CANADA

Ottawa’s unlikely spymaster

September 28 1987
CANADA

Ottawa’s unlikely spymaster

September 28 1987

Ottawa’s unlikely spymaster

He is, at first glance, far from the classic image of a spymaster. At 46, Reid Morden, the newly named head of the Canadian Security Intelligence Service (CSIS), has followed a successful, predictable career in the public service. Rising steadily through the ranks of the external affairs department, the pudgy, bespectacled Morden earned a reputation as a sharp, no-nonsense operator. His droll manner and low-key style disguise the fact that he now runs a secretive organization that can tap telephones, open mail and enter homes surreptitiously—in the name of detecting threats to the nation’s security. But those unassuming qualities were precisely what the federal government wanted in a new director. “If he is tough and hardheaded,” noted one former Privy Council official, “then he could be the broom that sweeps relatively clean.”

Morden has frequently taken on tough assignments. He joined the civil service 24 years ago and oversaw the 1984 merger between the former industry, trade and commerce department and External Affairs. He first came to the attention of Prime Minister Brian Mulroney for his work during the 1985 Com-

monwealth meeting in the Bahamas. He was also the key architect of Mulroney’s widely acclaimed speech last May that warned the United States against using its Strategic Defence Initiative as a first-strike threat against the Soviet Union.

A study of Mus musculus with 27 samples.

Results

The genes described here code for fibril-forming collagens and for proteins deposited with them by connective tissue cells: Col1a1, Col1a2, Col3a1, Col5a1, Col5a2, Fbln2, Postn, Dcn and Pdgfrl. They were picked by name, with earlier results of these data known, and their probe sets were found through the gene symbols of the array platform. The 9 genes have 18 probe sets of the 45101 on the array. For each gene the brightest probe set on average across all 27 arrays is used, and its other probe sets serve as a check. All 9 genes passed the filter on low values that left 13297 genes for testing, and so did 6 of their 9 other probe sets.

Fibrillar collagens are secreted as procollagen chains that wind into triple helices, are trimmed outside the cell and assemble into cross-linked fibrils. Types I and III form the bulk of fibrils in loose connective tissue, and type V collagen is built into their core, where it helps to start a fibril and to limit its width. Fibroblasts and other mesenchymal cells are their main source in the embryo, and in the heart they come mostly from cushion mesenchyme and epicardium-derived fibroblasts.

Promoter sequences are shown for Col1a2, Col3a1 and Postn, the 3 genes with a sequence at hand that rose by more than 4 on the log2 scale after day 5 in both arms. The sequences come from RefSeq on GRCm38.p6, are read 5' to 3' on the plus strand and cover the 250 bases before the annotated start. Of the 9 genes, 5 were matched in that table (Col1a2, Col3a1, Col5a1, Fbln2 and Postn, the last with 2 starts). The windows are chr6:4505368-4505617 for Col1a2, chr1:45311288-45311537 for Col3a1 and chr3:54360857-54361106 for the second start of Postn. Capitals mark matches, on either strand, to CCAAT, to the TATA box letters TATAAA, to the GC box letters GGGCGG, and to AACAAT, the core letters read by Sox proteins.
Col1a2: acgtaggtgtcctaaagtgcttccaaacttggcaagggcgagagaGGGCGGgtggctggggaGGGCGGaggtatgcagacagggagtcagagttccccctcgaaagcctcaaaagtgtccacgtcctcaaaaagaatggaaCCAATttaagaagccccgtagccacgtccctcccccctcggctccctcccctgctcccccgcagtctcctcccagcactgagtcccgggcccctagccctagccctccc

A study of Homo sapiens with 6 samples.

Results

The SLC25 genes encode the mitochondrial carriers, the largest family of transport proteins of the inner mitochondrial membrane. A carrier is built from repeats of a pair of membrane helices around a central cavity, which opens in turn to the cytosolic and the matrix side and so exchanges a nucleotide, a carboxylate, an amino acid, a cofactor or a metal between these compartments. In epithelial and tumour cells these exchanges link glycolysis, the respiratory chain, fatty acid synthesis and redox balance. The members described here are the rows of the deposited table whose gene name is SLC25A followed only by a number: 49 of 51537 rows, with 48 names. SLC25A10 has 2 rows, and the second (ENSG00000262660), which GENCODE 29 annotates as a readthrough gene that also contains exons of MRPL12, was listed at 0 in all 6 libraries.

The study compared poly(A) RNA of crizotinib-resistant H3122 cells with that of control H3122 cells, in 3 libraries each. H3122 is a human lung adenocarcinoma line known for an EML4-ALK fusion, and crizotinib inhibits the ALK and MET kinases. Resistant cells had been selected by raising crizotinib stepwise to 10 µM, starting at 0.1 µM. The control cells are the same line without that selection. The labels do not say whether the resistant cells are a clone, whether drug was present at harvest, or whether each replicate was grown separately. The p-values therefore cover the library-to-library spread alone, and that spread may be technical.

Raised in Montreal, Morden studied history and political science at Dalhousie University in Halifax, where he dabbled in Conservative student politics and struck up a friendship with a fellow student named Joe Clark. Clark, now external affairs minister, was an usher at Morden’s 1964 wedding. Morden and his wife, Margaret, live with their two teenage sons in Ottawa’s fashionable Glebe district. A collector of rare classical recorded music who also owns a set of rare books on the First World War, Morden acknowledges a taste for spy novels. His favorite authors: John le Carré and Len Deighton.

During his first week on the job Morden spent long days in his downtown Ottawa office reading the act that spells out CSlS’s wide-ranging powers, meeting with his five deputy directors and delving into two black leather briefcases crammed with classified material. Said Morden dryly: “I am sure there will come a moment when I enjoy being here.”